Many products today—including full business intelligence platforms, stand-alone dashboard programs, visualization tools, and analytics tools—tout self-service dashboards. For some vendors, that means that the dashboard is built and ready to go and you can go ahead and start drilling down and applying filters. To some vendors that means you can “open the box” and build you own. But the reality is, with nearly every dashboard implementation, a little bit of knowledge and a little bit of training is going to go a long way toward helping users get the most out of their dashboards and avoid both frustration and misunderstanding. (more…)
In everyday language, a quandary is like a dilemma—a perplexing situation or state, a choice between evenly balanced alternatives, a predicament defying satisfactory solution. Sometimes thought of as the lesser of two evils, a quandary must be analyzed carefully and all of the impacts uncovered before making a decision. How better to analyze which course of action to take than to use a tool made for self-service analysis for decision making? But better than analyzing two alternatives, a deep dive into the data and looking at trends, outliers, correlations, and dependencies may help you break out of the quandary and come up with an entirely new solution, one that is a win-win, and that’s just plain good business.
Gartner predicts that by 2017, more than 30 per cent of enterprise access to broadly based big data will be via intermediary data broker services. Many of these proprietary databases come with their own visualization tool. But what if you want to put some of this data into the context of your business? How can you do analyses that incorporate both purchased data and data from your financial and operational systems? (more…)
What is data discovery? Is it something real or is it just another in a long string of buzzwords invented by marketers to instill a new need for their product or differentiate it from the competition? No, this time it’s real. But it’s hard to give a precise definition. (more…)
All too often, you hear about companies that have an enterprise business intelligence platform, yet it is eschewed by users in favor of personal, home-grown applications for some or all of their reporting and analysis needs. Why is that, why is it a problem, and how do you prevent it? (more…)
On one hand, you hear that business intelligence is huge and complex, costs a fortune, and is totally out of the grasp of small to medium-sized businesses. On the other hand, some vendors are saying, “Download this BI software and start using it now with no help from anyone.” Who is right? Well, as with most things in life, the answer for many organizations lies somewhere in the middle.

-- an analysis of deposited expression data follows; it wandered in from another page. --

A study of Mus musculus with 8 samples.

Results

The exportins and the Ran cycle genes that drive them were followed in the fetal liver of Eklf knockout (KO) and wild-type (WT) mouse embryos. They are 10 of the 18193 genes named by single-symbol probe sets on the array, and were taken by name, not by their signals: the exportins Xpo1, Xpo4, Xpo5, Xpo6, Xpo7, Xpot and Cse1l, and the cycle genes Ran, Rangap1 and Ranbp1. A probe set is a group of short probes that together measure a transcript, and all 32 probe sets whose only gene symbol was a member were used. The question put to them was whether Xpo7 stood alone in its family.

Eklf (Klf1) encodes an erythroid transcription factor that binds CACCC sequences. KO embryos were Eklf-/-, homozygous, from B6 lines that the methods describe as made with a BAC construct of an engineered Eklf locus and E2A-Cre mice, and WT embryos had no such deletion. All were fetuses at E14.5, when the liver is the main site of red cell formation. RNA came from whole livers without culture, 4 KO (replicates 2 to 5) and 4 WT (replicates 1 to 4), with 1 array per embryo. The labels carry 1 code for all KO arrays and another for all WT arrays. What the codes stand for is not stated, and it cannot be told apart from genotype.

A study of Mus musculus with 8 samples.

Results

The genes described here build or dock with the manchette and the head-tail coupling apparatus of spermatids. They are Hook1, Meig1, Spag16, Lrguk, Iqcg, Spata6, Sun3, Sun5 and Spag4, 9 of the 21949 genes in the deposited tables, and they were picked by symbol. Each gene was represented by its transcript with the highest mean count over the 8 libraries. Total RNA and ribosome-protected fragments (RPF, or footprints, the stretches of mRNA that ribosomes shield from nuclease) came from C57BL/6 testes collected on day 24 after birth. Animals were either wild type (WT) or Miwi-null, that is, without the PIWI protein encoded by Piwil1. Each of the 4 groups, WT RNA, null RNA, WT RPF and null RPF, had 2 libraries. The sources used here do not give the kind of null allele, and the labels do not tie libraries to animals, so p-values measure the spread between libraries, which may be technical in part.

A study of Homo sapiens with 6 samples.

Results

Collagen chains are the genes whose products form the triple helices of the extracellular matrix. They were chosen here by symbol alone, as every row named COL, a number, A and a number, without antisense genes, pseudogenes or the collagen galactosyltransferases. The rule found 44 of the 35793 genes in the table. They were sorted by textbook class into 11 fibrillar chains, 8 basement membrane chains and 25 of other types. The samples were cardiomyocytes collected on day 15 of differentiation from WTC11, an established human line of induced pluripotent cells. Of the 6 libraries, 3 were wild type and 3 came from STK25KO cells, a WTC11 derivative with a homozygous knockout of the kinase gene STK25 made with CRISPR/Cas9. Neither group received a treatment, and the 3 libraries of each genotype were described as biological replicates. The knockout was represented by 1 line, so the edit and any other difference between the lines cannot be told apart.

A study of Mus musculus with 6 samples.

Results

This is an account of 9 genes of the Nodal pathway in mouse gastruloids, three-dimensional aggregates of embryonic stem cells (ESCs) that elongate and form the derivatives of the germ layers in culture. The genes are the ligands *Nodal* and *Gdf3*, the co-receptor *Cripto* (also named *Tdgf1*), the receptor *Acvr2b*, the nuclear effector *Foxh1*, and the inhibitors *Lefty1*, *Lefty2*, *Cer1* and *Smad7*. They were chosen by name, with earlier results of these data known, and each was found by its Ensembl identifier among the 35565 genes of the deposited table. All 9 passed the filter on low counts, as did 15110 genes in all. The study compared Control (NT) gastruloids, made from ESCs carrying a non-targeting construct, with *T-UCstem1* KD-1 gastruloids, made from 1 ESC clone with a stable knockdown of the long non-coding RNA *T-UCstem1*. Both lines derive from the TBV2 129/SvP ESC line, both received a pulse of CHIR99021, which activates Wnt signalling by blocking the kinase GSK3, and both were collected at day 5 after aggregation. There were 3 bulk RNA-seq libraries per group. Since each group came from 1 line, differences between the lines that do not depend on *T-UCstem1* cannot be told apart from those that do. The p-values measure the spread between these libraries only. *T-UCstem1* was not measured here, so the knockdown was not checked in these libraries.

As intellectual as we may be, as right-brained or left-brained, as analytical or instinctive as we are, nearly all of us are visual creatures. Bright colors, bold shapes, and jagged lines catch our eyes before we even know what we are looking at or if we are the least bit interested in it. So it is not surprising that charts and graphs have made it into every nook and cranny of our lives—work, home, even entertainment. Who doesn’t like to look at maps highlighting the counties with the highest per capita income or number of Ferraris (or restaurants or cats) per person? (more…)
Business intelligence is used to develop insights into your business for better, faster decision making for greater profitability. BI is used in both the financial and operational arenas to track, measure, and manage results as well as ongoing processes by aggregating hundreds, thousands, or even millions of data points and presenting them in a way that is easily consumable by the user. C-level, managers, and analysts are checking to be sure everything is on track. Or are they? Sometimes it quicker, easier, and more insightful to look for something that’s not quite right. (more…)
Data—one nearly indisputable fact about data is that the more you look at it—and the more WAYS that you look at it—the more information you’ll find. It’s important to look at your data from 30,000 feet but it’s also important to get down into the nitty-gritty details. It’s important to look at data from a single entity perspective such as looking at a single department, a single function or process, or even a single company. But it’s also important to look at your data as a consolidated whole. This allows you to optimize processes across departments and make sound decisions that affect the entire company.
Every organization needs reports—financial reports, operational reports, status reports. We call the basic reports that you need to run your business the “keep your lights on” reports. But savvy business people will look at these standard reports and questions will immediately pop into their heads. Or maybe they are in a meeting or a conversation or even just staring out the window and a burning question forms that they can answer only by examining the data—and then looking at it another way—and then drilling down—and then pulling up more data.